Over the past several weeks I’ve written about a variety of local waters (within a 90-minute drive), the species in them, the guides who work them and the techniques successfully used on those waters. Today we look at crappie, specifically, white crappie.
Clients often ask me why I don’t guide for species other than white bass and hybrid stripers here on Belton Lake and on Stillhouse Hollow. My reply is always the same, “I don’t like to try to pick peaches in an apple orchard.” The point is that our local lakes simply do not offer ideal habitat for certain species, including the popular largemouth bass and crappie. So in order to help anglers be successful, I focus on what is plentiful. Our clear, relatively cover-free, relatively infertile lakes are just right for white bass and hybrid stripers.
The lack of ideal habitat is a two-fold issue. Unfortunately, both lakes were, for the most part, intentionally cleared of timber and brush during construction. This eliminated a lot of wood cover that both largemouth and crappie prefer. Most of the timber that does exist stands in heavily sloped areas where dozers could not work, especially along the old river channel.
The second part of the habitat issue is the matter of fertility. Belton and Stillhouse simply do not have great amounts of nutrients being flushed into them by rain to act as fertilizer for the food chain. The lands that form the watershed for both reservoirs have little topsoil and are not rich in agriculture (hence, there is little fertilizer runoff), nor in high density cattle ranching (hence, there is little manure picked up in runoff during rain events). This leaves the lakes relatively clear, as there is not a great amount of algae blooming, and somewhat underfed. The fishery reflects this lack of nutrition.
This is not to say that our lakes don’t have bass and crappie, nor that an occasional quality fish can’t be taken. But, compared to the crappie and bass “factories” like Toledo Bend, Sam Rayburn, Lake Fork and others, where there is both abundant cover and high fertility, Stillhouse and Belton fall short in these categories.
The bottom line on crappie is that this species does best in fertile, turbid (off-color) water with abundant wood cover. To enjoy solid, nearby crappie fishing, one must travel east and out of the limestone-based Hill Country. I-35 serves as a divider of sorts between the rocky Hill Country and the more fertile, flatter “blacklands.” Located just east of Austin near the towns of Taylor and Granger is a fairly small lake teeming with crappie called Granger Lake.
Granger Lake is turbid and fertile. Although there are no expansive stands of timber, thousands of man-made brushpiles have been placed in the lake over the years and serve to concentrate crappie within them.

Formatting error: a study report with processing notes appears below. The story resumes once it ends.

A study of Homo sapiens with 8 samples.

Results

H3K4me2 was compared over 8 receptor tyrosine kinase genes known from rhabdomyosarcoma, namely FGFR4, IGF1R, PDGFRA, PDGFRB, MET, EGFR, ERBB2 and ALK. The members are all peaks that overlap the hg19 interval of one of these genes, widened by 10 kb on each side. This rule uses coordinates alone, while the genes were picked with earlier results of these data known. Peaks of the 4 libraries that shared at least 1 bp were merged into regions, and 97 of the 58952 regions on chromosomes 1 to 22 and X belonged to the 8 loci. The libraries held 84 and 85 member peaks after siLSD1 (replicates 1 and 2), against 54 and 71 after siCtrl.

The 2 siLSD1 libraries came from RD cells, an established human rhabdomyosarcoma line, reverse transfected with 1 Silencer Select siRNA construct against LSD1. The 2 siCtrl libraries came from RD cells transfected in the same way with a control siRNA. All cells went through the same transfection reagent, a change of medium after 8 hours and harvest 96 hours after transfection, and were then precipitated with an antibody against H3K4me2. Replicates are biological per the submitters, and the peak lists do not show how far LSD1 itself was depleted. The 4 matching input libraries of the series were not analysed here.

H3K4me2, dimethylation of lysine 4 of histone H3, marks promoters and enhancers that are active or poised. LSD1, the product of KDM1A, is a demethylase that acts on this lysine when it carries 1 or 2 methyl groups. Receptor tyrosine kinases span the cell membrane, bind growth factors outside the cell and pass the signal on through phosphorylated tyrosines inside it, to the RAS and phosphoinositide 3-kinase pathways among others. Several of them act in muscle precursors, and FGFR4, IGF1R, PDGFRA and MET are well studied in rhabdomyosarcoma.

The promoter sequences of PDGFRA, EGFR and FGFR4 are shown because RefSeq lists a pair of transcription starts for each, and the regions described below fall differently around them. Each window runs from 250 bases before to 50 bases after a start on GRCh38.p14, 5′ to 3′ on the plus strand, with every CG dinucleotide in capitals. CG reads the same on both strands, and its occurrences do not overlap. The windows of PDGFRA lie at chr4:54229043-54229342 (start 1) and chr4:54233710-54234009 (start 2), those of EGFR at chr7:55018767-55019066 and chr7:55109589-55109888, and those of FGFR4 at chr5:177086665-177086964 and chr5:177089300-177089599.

One of the most well-known crappie guides on Granger Lake is Tommy Tidwell. I interviewed Tommy and asked him for a seasonal snapshot of how Granger Lake’s crappie should be fished for in the two main “seasons” of the Granger crappie calendar — spring and summer/fall. Here is what I learned from him and I hope this helps the crappie enthusiast visiting Granger for the first time:
This season starts around mid-April at the end of the crappie spawn and extends to the end of October as the first severe cold fronts both chill and muddy the water. In April, crappie begin to move out of the shallows and coves and back to the main lake where they begin to orient to brushpiles in 4-to-15 feet of water.
Tidwell prefers using marabou jigs tipped with Berkley Crappie Nibbles in off-colored water during and following times of high winds.
The dirtier the water, the larger the jig. Jig color is not an overriding concern to Tidwell and he mainly sticks with basic black or white.
He prefers minnows hooked on a No. 1 hook in clear water under calmer conditions. Using a loop knot to connect the jig to the fishing line is a must to keep the jig hanging naturally and horizontally.
Whether using a marabou jig or minnow on a hook, Tidwell likes to fish on a tight line vertically and directly beneath the boat targeting the high point of the brushpile being fished over. Abundant brushpiles, and even the fish orienting to them, can be found using modern side-looking sonar.
From the beginning of March to mid-April, the crappie begin to move shallow to spawn. Tidwell puts the spinning tackle away and instead uses a 10-foot B&M jig pole or other telescoping graphite pole with a small underspin reel. He uses small Bass Assassin plastic jigs 1½-to-2 inches in length set just 12-14 inches below a slip float to keep the jig suspended off bottom when fishing in about 2-feet of water. Again, a loop knot is used to tie the jig to the line.
Prime locations are backwaters, coves, pockets, indentions along the bank, beaver lodges and naturally occurring or man-made brush piles all in shallow water just 1-to-2 feet deep.
Of these two seasons, Tidwell feels the summer/fall is most productive and consistent. Due to prolonged drought, a lot of willow trees have grown in the shallow areas typically inhabited by the crappie during the spring spawn. This has limited access to key areas and has had a diluting effect on fish location.
Instead of one brushpile holding 15 fish as in the past, those 15 fish may now be located among five or six willows, forcing the fisherman to cover more water and probe more ambush points to put together the same tally of fish. Tidwell advises against cold water crappie fishing on Granger from November through February.
So if it is white bass or hybrid striper you want — go no further than Belton or Stillhouse. But if crappie are what tickle your fancy, a drive to Granger is definitely worth the look.